For several days now, I’ve felt as though I’ve been on the verge of a torrential tear-fall; as if dark ominous clouds have been looming, foreshadowing a downpour. I’ve encountered and engaged circumstances that could collectively add to the possibility of a groundswell, but none of them seem to be the culprit for the hovering clouds. Nonetheless, I’ve felt really down.
I think I just miss my son — a lot! And I’ve been especially sad about it.
Interestingly, I’ve wondered if socially there is still space for me to just miss my son and be sad about that alone. I’ve found, even in my conversations with loved ones (the truly safe people in my life), that their questions seem to infer, at this stage of our journey of loss, that something else must be triggering my gloominess, something beyond just missing Judson. It as though living without my beloved boy for several years means that missing him couldn’t possibly be the root of my sadness now…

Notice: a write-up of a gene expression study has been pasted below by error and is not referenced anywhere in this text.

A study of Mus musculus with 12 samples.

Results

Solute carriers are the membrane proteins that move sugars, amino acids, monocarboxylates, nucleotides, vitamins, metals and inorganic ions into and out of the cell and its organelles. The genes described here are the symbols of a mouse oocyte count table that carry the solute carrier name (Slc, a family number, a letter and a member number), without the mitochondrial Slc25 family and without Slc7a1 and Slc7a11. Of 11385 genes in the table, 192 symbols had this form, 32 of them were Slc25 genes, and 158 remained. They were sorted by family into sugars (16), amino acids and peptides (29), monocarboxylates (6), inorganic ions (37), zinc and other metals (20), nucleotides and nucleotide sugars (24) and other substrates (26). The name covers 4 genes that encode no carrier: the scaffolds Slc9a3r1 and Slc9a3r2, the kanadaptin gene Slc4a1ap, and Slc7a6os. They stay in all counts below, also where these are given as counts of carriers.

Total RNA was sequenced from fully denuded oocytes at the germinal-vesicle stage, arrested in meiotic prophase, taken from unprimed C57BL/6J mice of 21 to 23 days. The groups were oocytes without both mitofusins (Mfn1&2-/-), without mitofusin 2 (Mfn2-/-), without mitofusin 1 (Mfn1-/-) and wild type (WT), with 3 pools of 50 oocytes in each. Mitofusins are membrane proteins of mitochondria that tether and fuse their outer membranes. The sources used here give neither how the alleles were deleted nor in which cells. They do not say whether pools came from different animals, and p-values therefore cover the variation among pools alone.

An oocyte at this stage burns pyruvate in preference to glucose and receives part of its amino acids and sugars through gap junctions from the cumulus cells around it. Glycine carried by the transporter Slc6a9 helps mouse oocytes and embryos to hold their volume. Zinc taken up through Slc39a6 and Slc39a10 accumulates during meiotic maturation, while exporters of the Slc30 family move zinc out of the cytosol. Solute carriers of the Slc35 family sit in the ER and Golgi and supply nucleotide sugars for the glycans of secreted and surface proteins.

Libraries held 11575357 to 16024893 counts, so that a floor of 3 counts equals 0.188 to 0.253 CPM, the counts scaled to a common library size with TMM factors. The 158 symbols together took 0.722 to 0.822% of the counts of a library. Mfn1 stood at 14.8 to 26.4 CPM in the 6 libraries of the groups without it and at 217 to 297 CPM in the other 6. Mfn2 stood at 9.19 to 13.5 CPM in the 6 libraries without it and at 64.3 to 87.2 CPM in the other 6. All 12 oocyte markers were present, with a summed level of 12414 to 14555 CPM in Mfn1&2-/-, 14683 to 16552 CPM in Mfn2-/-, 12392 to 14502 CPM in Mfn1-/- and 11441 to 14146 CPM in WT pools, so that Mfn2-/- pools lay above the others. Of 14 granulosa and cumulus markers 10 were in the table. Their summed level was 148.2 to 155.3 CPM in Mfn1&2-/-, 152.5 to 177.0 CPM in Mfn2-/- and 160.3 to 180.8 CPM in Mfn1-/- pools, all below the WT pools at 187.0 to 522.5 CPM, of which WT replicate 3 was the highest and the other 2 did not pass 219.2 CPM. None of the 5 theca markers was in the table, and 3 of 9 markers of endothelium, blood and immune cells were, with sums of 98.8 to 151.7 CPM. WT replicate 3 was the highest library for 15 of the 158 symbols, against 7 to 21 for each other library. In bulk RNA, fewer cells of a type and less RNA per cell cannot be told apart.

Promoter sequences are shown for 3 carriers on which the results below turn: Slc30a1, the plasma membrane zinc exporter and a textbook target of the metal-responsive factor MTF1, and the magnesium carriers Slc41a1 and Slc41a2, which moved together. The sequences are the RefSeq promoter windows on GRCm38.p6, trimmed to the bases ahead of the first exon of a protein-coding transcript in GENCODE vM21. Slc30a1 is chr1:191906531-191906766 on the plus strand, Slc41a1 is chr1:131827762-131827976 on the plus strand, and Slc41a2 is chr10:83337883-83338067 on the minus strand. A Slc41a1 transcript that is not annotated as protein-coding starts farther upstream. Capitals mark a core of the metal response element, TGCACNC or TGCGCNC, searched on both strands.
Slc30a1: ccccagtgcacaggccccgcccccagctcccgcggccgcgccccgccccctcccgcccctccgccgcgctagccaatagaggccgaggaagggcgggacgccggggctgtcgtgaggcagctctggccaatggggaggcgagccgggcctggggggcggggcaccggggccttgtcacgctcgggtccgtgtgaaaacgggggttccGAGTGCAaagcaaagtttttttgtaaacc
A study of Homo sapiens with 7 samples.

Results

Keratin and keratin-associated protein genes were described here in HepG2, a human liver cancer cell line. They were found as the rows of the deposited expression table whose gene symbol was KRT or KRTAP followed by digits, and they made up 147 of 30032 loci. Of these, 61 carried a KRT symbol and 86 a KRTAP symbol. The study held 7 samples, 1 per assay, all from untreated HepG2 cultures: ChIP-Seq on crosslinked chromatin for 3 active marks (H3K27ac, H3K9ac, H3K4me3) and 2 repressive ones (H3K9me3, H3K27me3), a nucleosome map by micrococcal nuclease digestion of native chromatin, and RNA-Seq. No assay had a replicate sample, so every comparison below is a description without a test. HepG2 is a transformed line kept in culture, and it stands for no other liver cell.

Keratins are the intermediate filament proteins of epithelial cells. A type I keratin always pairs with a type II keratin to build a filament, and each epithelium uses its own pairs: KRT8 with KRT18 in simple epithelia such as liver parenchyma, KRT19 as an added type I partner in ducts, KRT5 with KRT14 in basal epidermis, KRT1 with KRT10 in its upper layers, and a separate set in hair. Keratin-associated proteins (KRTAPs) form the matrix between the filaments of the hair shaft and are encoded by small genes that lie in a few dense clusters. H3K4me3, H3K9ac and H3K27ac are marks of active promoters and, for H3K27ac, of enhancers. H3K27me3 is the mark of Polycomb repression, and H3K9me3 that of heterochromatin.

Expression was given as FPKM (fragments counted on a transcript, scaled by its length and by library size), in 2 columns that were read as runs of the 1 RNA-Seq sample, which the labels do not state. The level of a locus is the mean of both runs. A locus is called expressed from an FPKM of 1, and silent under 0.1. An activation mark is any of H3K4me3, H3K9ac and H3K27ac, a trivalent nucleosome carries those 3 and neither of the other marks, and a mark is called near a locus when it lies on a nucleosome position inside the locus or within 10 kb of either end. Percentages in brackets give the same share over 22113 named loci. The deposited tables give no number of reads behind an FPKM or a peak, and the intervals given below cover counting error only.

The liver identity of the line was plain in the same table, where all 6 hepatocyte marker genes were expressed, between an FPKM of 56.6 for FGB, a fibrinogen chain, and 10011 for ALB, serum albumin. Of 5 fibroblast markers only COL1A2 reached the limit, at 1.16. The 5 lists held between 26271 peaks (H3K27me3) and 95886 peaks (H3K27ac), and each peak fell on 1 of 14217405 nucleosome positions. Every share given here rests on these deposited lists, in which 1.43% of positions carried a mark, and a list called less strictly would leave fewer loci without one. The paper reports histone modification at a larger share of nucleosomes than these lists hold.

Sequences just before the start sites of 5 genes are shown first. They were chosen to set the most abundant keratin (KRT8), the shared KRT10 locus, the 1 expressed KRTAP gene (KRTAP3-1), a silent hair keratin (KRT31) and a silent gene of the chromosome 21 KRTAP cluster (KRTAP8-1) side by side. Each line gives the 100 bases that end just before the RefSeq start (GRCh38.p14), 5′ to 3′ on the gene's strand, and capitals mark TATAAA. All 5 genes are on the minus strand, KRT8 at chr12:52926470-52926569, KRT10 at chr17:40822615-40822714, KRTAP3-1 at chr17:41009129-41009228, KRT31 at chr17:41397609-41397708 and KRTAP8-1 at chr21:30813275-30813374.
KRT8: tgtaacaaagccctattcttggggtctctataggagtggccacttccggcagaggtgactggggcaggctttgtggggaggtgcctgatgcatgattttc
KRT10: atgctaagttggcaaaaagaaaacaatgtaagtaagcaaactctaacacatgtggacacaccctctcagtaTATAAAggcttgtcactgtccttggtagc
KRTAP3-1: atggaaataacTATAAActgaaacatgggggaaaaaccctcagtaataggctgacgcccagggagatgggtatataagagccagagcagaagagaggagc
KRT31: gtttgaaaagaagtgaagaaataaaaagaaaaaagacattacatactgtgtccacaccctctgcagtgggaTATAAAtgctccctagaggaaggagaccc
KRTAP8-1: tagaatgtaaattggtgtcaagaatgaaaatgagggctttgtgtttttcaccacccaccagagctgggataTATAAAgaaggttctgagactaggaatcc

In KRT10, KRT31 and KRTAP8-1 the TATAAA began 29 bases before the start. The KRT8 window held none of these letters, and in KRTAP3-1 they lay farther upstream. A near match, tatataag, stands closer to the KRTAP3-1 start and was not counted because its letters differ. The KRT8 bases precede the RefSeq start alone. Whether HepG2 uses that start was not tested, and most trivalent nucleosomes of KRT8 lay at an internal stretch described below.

But it is. I just miss my Jud Bud!
I realized after the dark clouds had been looming for days that we’ve been on the cusp of the season marking the onset of Jud’s suffering. Today is exactly seven years since our visit to Judson’s pediatrician that catapulted us into a world of suffering. I hadn’t been conscious of the dates, yet even still my soul has been feeling the weight of loss wrapped up in this season. I miss my son. My heart continues to break over his suffering and death. And that alone fills my heart with deep sorrow…even still. That alone.
The intense sorrows of loss can arise at any time…for many years, likely a lifetime. We must remember to graciously give people the space to just miss the ones they’ve lost, no matter how much time has passed.
This piece is not written to elicit personal sympathy,
but rather to help people better understand the journey of loss and give a voice to the grieving;
this is a key commitment within the mission of Judson’s Legacy.